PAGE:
A friend in Alberta is selling his house in Ontario, and he asked us to tidy up the yard before prospective buyers came by. The last tenants cleared out a couple of weeks ago, and it's obvious to me they hadn't mown the lawn or weeded the yard in weeks, or maybe even months. The thistles and ragweed were five feet tall, and the grass came to our knees.
His mower was broken, so we walked ours down the road, hauling a hundred and fifty feet of extension cord with us. It wasn't quite long enough. We couldn't water the grass as instructed, because the handle was broken off the spigot. The vacating tenants had left their garbage in the shed, in 100-degree heat. The friendly but non-English-speaking neighbour couldn't quite tell me what day was garbage pick-up day. But he had a nice smile.
We managed to mow most of the lawn, struggling up the 45-degree hill in the backyard, but eventually the thistles and heat defeated us and we retreated, to return to fight another day. But the little dent we did make revealed a rather nice, long yard, some decent trees, a patch that would make a sunny vegetable garden. The dip at the bottom of the hill would make a snazzy pond, and if you terraced the hill itself, you could make quite a stunning landscape. Even my thirteen-year-old was wandering around saying things like, "They need a brick path here" and "You could plant some neat bushes here..." It was like walking around a blank canvas, the possibilities tantalizing.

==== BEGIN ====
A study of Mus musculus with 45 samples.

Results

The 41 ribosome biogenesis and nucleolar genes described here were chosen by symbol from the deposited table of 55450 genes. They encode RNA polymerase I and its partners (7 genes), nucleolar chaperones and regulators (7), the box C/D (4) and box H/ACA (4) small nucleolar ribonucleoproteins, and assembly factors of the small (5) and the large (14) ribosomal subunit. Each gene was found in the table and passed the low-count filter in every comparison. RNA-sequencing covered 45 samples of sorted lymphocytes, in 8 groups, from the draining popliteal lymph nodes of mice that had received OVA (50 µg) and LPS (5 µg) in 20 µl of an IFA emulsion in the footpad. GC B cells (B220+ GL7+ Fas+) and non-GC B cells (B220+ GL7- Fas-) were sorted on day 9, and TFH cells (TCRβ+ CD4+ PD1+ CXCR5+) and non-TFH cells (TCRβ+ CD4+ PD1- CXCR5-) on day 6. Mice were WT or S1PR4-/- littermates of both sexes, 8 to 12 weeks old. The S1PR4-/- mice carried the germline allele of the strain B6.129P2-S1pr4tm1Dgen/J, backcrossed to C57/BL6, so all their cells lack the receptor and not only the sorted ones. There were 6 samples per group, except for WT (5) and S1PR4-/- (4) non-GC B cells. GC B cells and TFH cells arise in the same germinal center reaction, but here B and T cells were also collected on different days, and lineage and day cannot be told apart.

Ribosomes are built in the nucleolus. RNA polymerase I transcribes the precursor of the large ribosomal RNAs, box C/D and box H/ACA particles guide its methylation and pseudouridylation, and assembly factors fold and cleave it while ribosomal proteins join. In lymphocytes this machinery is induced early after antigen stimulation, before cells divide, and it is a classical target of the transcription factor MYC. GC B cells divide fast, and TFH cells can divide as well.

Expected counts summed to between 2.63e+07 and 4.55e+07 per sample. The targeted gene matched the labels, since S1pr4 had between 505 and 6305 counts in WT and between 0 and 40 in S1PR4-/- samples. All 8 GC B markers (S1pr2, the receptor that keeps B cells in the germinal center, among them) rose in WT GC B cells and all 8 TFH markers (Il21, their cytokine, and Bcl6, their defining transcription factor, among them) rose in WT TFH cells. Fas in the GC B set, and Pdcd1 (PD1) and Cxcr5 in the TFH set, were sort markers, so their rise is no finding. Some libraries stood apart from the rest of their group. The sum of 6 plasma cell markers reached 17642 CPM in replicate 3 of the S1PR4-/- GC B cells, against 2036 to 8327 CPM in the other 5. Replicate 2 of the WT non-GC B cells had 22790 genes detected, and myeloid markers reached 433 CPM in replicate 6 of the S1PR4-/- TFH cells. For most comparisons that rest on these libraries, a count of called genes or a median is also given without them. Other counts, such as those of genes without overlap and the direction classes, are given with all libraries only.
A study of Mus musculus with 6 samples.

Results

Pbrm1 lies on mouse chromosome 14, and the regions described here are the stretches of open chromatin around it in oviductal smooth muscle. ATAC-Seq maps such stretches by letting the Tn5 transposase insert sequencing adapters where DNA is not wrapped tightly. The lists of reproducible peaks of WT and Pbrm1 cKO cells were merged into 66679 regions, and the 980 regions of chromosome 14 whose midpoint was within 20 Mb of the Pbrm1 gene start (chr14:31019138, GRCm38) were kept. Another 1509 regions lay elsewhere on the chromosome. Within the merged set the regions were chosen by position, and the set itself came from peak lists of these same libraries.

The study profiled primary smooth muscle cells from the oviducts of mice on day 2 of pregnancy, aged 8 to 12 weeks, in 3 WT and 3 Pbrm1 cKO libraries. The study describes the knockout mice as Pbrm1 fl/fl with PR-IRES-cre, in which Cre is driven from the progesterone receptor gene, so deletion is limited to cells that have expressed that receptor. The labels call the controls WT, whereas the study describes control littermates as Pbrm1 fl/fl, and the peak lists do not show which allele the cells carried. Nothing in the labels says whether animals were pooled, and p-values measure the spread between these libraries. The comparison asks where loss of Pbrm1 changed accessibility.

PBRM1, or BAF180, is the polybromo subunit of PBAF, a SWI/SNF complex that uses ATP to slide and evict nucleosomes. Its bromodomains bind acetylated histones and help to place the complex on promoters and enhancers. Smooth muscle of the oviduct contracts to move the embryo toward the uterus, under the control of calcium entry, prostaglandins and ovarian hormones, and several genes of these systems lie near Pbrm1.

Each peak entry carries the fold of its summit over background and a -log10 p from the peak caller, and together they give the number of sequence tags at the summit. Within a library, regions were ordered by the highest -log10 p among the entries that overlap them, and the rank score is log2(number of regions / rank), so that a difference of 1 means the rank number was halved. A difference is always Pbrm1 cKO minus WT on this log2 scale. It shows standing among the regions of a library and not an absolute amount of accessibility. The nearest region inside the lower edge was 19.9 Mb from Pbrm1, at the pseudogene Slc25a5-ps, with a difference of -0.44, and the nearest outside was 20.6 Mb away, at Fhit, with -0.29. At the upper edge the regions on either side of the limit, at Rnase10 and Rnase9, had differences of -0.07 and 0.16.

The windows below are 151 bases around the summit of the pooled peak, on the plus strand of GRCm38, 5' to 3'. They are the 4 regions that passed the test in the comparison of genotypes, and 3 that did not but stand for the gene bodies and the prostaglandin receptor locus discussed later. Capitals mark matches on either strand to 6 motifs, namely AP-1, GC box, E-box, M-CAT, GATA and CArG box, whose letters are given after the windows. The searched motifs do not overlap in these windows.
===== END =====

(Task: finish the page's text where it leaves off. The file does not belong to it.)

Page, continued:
Not that I need to take on any more yards. Mine is more than I can stay on top of already. But wouldn't it be a fun job to work for a real estate company cleaning up and "staging" yards for prospective home sellers? A touch of colour, a pot of flowers by the doorstep, a little shave and a haircut here and there, and the space is transformed. Maybe that will be my next career.